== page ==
This past weekend I joined over 1,000 college students from 80 countries, and over 75 youth organizations, at the 5th annual Clinton Global Initiative University (CGIU) held this year at George Washington University. For many, the highlight might have been Usher summing up his sentiment about why his foundation focuses on youth empowerment by singing Whitney Houston’s “I believe the Children are our Future” (while sharing the stage with President Clinton and Secretary Albright); or the closing conversation between Jon Stewart and President Clinton.

Dr. Nicole Goldin of USAID with youth at George Washington University while attending the 5th Annual Clinton Global Initiative University this weekend. Photo Credit: USAID

For me however, it was connecting and interacting with the participants – some I learned already have a USAID connection.   Like the members of the CGI annual meeting in New York every September, all participants must make a commitment to action in order to attend – and many of these student personal stories and commitments are extraordinary.

During the opening plenary panel, along with President Clinton, Secretary Albright, and Usher, an amazing young Afghan woman named Sadiqa Saleem inspired the crowd with her personal journey from refugee camps, to the US and back  home to educate the girls and young women of Afghanistan.  “We need a coalition of fathers [like hers] to fight for the education of their daughters….”  Along with her follow-women founder, they went from educating 36 girls in an abandoned building, to creating and running  the Oruj Learning Center which teaches nearly 3400 girls in 6 primary schools, as well as executes other womens’ education and youth leadership programs.

After the panel, I spoke with Sadiqa and she told me she worked as Manager of the professional development center under the USAID Afghanistan Higher Education Program  – and that’s where she got the ideas and increased skills to enable her to establish her colleges.

I also met Alla of EGG Energy, a social enterprise founded by Harvard and MIT students dedicated to helping low-income consumers in Sub-Saharan Africa gain access to clean, affordable energy, using a unique strategy based around portable rechargeable batteries.  They were recently awarded a Stage I USAID DIV grant to test their pilot product in Tanzania. At the Exchange – where students and organizations exhibit and talk about their commitments and projects – I caught up with Melissa Wong of GlobeMed GW – the George Washington University chapter of the nationwide GlobeMed network of university students who partner with grassroots organizations around the world to improve the health of people living in poverty.  As we chatted about their important work, she was quick to tell me how they just recently won a grant from the USAID-funded Global Health Fellows Corps to support this summer’s fieldwork.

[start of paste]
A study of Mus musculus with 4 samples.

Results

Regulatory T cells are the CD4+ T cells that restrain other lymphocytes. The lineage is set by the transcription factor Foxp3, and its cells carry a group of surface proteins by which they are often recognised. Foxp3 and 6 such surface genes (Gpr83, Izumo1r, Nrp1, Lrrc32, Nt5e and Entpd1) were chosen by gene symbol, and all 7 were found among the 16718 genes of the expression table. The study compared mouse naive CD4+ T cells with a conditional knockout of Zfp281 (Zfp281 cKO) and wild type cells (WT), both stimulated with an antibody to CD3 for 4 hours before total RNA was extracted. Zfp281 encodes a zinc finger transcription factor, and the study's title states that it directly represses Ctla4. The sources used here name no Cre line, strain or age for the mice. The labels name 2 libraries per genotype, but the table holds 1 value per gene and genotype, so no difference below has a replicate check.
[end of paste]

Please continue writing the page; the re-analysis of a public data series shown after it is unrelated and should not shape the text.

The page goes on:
There was a ‘double whammy’ interaction when Vivian Onano, a bright young Kenyan woman participant in the Global Give Back Circle (GGBC), introduced me to Sabine, one of a number of USAID SEED fellows from Haiti studying in the US.  The GGBC is an education, mentoring, and citizenship program in Kenya that began as  CGI commitment to support 30 girls and has – with a $3.5 million USAID GDA investment with partners including Microsoft and Mastercard Foundation  – scaled to over  550 direct participants, and thousands of people positively impacted in the girls’ families, schools and communities.  I huddled with the enthusiastic proud group of SEED fellows and they told me about their homes, their studies, their commitments, and their plans. For example, Marie-Madeline has a project to increase access to education for deaf children by bringing sign language interpreters and teaching to schools.  CGIU ended, as always, with a service project to remind us all that service is an integral part of citizenship and leadership. (On that note, don’t forget about our partnership with Youth Service America for global USAID participation in Global Youth Service Day, April 20-22.)

I left the weekend with the firm belief that each of these young people is a wise investment; and they represent the kind of catalytic change that smart interventions by, with, and for youth can bring.  The kind of investments the forthcoming USAID first-ever Policy on Youth in Development looks to inspire and foster.

Dr. Nicole Goldin is Senior Advisor in PPL and Chairs the Youth Policy Task Team.